Starting university is a time that’s full of opportunities, choices and challenges, and finding a home church is all three of those! While meeting even more new people and having the “who you are, where you’re from and what you’re studying” conversation – yet again – might seem daunting, I would urge you to make finding a church a high priority.

It’s How God Planned It

The Bible is clear that life is supposed to be lived in community, where we are seen, heard and known. It’s one of our most desperate needs and, without it, we struggle. Poor mental health costs the UK around £77 billion a year and social isolation is a key trigger. Research shows that supportive relationships are hugely beneficial to our mental health, and this shouldn’t surprise us because that’s how God designed us to live.

Being a Christian means following Jesus and becoming increasingly like him, and I am convinced that none of us will get there on our own. It is never just about you, Jesus and your Bible. Our culture tends to promote and validate an unhealthy individualism but the kingdom is different.

“As you come to him, the living Stone—rejected by humans but chosen by God and precious to him— you also, like living stones, are being built into a spiritual house to be a holy priesthood, offering spiritual sacrifices acceptable to God through Jesus Christ.” 1 Peter 2:4-10 (NIV)

We are chosen, loved and saved by God as individual living stones but we are built together into something much bigger. It may be messier and more complicated, but it’s also more beautiful and life giving – it’s called the church! Individual stones find their place and purpose in a spiritual house; deeply loved sons and daughters find theirs in a priesthood.

It’s Good For You – But It’s Not All About You!

Being in genuine relationships with people who know and love me has changed me from the person I was when I arrived at university. I found people who would push past the superficial, and my tendency to keep people at arm’s length, and who genuinely wanted to commit to me and to do life together. These are the “iron sharpening iron” relationships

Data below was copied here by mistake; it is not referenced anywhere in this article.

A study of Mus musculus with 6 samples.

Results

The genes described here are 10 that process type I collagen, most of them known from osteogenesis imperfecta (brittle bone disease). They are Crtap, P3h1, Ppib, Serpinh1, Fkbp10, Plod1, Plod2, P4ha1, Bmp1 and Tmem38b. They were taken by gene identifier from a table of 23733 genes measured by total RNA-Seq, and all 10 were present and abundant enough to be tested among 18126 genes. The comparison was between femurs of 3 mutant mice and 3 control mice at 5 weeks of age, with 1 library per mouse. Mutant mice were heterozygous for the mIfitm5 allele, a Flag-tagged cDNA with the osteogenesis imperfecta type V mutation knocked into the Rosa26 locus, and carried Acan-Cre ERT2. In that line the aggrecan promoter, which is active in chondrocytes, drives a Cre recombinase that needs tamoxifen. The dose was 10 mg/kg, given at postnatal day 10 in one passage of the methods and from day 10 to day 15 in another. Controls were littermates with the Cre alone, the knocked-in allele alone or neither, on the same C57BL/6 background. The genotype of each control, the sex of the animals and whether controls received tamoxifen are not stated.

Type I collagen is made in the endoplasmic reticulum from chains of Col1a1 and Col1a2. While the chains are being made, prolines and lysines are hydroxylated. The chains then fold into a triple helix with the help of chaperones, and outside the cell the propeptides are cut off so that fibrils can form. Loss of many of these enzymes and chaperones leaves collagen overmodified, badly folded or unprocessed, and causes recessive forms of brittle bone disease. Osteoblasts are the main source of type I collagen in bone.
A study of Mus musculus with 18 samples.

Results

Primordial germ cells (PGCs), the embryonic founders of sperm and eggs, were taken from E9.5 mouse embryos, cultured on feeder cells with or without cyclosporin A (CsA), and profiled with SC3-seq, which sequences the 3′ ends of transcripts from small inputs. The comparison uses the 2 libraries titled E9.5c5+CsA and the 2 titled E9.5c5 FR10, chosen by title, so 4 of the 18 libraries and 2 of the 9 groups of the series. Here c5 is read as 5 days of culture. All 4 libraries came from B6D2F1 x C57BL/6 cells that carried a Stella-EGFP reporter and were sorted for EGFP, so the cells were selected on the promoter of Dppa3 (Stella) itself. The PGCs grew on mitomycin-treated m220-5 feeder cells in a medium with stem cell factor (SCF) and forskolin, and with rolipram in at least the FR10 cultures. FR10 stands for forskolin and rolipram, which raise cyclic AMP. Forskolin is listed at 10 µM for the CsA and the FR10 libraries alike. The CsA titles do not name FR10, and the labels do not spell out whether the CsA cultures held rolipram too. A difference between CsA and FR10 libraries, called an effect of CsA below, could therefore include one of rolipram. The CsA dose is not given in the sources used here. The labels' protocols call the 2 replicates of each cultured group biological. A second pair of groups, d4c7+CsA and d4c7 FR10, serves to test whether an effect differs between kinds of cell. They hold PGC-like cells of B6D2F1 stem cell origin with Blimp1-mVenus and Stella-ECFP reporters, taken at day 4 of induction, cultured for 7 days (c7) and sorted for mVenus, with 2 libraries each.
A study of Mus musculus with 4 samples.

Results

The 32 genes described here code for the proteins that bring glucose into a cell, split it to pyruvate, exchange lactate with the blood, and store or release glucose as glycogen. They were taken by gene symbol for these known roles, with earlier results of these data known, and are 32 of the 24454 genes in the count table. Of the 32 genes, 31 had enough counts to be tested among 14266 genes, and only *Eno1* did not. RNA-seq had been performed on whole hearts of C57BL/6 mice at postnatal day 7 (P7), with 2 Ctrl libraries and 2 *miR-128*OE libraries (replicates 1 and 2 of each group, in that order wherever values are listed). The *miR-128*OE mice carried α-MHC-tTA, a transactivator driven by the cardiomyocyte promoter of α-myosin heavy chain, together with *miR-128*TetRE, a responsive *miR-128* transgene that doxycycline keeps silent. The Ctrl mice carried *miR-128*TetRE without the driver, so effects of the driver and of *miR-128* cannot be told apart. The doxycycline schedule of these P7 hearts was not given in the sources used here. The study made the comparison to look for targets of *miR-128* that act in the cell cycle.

that Proverbs talks about. We don’t get sharpened in isolation. It is in relationships with people (even with noise and sparks flying!) that this happens. We need one another to become all we are called to be, both as individuals and as a body.

This isn’t just good for you, it’s good for the church! It’s easy to get stuck in the student bubble, but there is so much for you to give and to receive in a local church family, where the generations are running together.

“Instead, speaking the truth in love, we will grow to become in every respect the mature body of him who is the head, that is, Christ. From him the whole body, joined and held together by every supporting ligament, grows and builds itself up in love, as each part does its work.” Ephesians 4:15-16 (NIV)

The Christian walk is about growing up to become the mature sons and daughters the world is longing to see revealed (Romans 8:19.) Genuine community is essential for us to become “in every respect the mature body of him who is the head”. As individuals and as a body we are supposed to be filled, built up and become mature; there is no place for a “get saved and stagnate ’til heaven” mentality! Notice how that happens: the body is built up as each part (that’s you and I) does its work! So that requires us to jump in, find our place, and serve. You miss out if you’re not there, and the church does too!

Finding Family

So if we recognise the mutual benefits and value of being in a church community, how do you find one?

  • Believe and trust.
    The Bible says God places the lonely in family. Loneliness can be a huge factor for students but God’s heart is to place YOU in a family, so trust that He has a place for you and believe He will show you where that is.
  • Don’t wait!
    It is easy to drift and find yourself finishing first year without having found a church, so start looking and praying for a church straight away.
  • Ask the right questions.
    If individualism marks much of our culture, a consumer mentality is its close companion. Don’t approach church with the attitude, “Can I get what I want here?” The important question is, “Can I be known here and grow here?” One of the major ways you can become known and will start to grow is by serving, so believe that you have something to give and ask where you can contribute to your new church family.
  • Commit and put down roots.
    Avoid the temptation to church hop because you like the worship here, and the teaching over there, but the small groups suit you better somewhere else. I can’t stress how important it is and how fruitful it will be for you to commit to one church family and put down roots there.
  • Connect.
    My final encouragement is not to settle for proximity. In Ephesians 3:16 Paul uses the analogy of a physical body and says that the relationships within it are held together by “supporting ligaments.” I was a physio for 15 years so I know a little about ligaments, and I love what that picture teaches us about relationships. Ligaments form strong, stable connections between two bones to allow healthy movement. Two bones just being near each other isn’t enough, and the same is true in the body of Christ. It’s easy for us to settle for proximity, just being around other Christians, but without the real connections that give us strength and stability. Proximity on its own isn’t enough. So be brave, be intentional, and build connections with people. Dare to invite people into your story and jump into theirs. You won’t regret it!

Sarah moved to Manchester to study physiotherapy and never left. Along with her husband, Phil, she now leads Vinelife and teaches at events around the UK and beyond.